LaPLACE, La.—A federal judge has dismissed a class-action lawsuit against Denka Performance Elastomer, which recently achieved a chloroprene emissions reduction goal at its LaPlace facility.
The achievement of this emissions goal has been certified by the Louisiana Department of Environmental Quality, which in 2017 signed an agreement with Denka that detailed the voluntary plan for the emissions reduction goal and formalized the effort through a legal contract.
Denka acquired the location from DuPont in November 2015. During the first year of plant ownership, Denka invested $35 million to install "several new, large pieces of equipment" and made improvements to the plant. Denka then worked to optimize use of the new equipment and tackled additional emission reduction projects beyond its agreement with the state, the company said.
The U.S. Environmental Protection Agency called chloroprene a likely carcinogen in 2010, according to the LDEQ. That determination led to years of legal battles regarding emissions from the facility.
One of those lawsuits, a federal class-action filed against Denka, has been dismissed.
The civil action was brought by Juanea L. Butler, who has lived and worked near the facility for years. The lawsuit alleged DuPont and then Denka emitted unsafe levels of chloroprene, according to the judicial order dismissing the lawsuit in the U.S. District Court for the Eastern District of Louisiana.
Butler claims to suffer from a variety of ailments due to exposure from chloroprene emissions. Denka, however, pointed to the Louisiana Tumor Registry, a statewide population-based registry that tracks illness rates and offers guidelines for cancer prevention, saying that the parish in which the plant is located has average or below average illness numbers compared to the rest of the state.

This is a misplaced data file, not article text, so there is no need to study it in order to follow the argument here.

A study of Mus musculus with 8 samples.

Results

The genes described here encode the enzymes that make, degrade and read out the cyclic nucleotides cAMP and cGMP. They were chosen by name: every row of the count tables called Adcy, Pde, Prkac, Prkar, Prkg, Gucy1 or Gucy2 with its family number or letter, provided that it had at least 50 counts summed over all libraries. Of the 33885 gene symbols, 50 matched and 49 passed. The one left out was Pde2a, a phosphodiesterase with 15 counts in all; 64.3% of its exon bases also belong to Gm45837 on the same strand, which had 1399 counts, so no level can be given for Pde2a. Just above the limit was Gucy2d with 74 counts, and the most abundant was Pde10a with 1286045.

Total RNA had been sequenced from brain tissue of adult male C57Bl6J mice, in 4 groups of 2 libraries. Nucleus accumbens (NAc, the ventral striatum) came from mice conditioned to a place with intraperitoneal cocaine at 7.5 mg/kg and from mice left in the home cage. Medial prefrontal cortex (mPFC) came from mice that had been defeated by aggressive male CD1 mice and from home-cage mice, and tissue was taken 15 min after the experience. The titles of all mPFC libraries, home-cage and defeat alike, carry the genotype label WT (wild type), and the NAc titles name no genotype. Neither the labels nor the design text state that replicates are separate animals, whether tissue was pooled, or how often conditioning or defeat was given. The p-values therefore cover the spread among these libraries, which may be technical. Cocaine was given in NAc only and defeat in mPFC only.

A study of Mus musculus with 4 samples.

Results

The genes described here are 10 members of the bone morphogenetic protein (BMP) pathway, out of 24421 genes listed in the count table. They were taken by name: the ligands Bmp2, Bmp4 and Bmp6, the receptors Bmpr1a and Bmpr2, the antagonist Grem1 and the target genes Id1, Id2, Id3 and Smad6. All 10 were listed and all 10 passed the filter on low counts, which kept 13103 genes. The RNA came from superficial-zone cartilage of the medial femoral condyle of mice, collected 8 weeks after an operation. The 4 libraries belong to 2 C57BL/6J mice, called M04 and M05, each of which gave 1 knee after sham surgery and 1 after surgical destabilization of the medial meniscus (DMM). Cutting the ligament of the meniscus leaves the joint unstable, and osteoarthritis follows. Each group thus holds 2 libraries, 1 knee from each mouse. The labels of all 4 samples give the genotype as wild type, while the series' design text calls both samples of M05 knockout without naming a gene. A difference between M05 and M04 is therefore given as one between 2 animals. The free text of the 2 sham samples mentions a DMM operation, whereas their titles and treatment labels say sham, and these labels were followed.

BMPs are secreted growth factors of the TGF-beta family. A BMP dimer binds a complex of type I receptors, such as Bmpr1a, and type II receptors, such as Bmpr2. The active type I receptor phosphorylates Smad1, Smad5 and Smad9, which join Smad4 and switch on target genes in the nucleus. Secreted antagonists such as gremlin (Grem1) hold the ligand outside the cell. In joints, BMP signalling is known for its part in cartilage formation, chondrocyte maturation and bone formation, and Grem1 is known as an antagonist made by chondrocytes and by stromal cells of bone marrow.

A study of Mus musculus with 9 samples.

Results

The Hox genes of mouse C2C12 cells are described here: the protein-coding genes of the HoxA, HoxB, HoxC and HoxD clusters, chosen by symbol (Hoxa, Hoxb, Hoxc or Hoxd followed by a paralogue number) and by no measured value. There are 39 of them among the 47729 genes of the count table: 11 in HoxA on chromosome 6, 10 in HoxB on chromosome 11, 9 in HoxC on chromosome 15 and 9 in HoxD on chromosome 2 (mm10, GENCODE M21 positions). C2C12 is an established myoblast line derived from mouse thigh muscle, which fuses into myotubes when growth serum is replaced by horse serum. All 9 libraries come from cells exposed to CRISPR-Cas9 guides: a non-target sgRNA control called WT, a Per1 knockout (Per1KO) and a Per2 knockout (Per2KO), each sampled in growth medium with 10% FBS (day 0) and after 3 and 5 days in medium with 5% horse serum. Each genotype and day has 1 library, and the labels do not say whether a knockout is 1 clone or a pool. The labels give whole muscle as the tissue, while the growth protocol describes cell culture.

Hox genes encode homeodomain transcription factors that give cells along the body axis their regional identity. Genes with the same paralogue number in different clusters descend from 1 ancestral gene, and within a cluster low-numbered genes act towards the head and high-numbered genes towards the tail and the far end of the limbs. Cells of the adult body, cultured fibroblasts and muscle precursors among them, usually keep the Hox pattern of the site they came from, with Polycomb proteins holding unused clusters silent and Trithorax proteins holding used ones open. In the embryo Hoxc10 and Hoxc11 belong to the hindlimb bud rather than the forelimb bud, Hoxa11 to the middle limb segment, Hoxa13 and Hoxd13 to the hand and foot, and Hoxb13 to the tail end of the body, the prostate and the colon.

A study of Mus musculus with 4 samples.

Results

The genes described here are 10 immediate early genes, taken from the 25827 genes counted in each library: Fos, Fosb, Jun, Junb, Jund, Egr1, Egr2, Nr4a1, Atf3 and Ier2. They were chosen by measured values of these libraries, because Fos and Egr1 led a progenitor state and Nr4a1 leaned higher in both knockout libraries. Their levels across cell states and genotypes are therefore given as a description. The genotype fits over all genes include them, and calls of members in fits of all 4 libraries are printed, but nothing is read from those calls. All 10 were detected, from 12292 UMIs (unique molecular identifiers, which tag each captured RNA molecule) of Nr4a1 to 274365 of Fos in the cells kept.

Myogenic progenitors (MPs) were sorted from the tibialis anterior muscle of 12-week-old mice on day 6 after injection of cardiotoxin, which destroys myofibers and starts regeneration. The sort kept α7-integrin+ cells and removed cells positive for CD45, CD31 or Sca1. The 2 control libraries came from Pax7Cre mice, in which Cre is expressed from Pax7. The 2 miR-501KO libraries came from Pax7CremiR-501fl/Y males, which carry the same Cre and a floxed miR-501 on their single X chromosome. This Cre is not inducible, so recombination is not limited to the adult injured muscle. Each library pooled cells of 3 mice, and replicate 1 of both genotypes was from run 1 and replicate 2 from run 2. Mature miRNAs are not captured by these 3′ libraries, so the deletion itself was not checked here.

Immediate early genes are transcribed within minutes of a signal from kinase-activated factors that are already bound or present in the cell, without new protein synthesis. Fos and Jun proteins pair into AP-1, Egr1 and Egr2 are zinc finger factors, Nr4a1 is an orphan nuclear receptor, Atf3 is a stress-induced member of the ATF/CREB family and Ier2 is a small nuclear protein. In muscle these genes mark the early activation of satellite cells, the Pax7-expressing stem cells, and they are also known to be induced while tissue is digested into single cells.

Statistics show Denka's chloroprene emissions have decreased by 84.6 percent in 2019 compared to 2014. And when rounded to 85 percent, last year's data satisfies the administrative order, the state said.
Denka faced some challenges in achieving the 85 percent level, including some flooding and exceptionally cold weather during the project, said Jim Harris, a company spokesman who works for Harris, Deville & Associates Inc. of Baton Rouge, which describes itself as an "issues management" communications firm.
"They are continuing to look at other emission reduction possibilities, not just chloroprene but others they emit. They are not stopping, but they have no additional major commitment of dollars at this point," he said.
St. John the Baptist Parish, where Denka's LaPlace facility is located, is just west of New Orleans. Denka employs about 240 full-time workers at the plant, making it the second-largest employer in the parish.
The Denka facility makes neoprene by polymerizing chloroprene, a liquid monomer.
"The neoprene made by Denka here in Louisiana is used to make a lot of different products, from military equipment, wetsuits, phone cases, athletic wear like leggings and different equipment that you would recognize," said David LaPlante, also of Deville & Associates.
He said neoprene also is used in a variety of health care products, including respirator bags, bandages and medical equipment such as braces. COVID-19 has created a demand increase for the material.
Even with the dismissal of the class-action case, Denka is not clear of legal issues.
Harris indicated there are several thousand smaller individual lawsuits at the state court level that have yet to be adjudicated. "You have to realize Louisiana is a very litigious state and lawsuits are filed at the drop of a hat, quite frankly," he said.
He also held out the possibility that more class-action lawsuits might be filed and the Butler case could be appealed.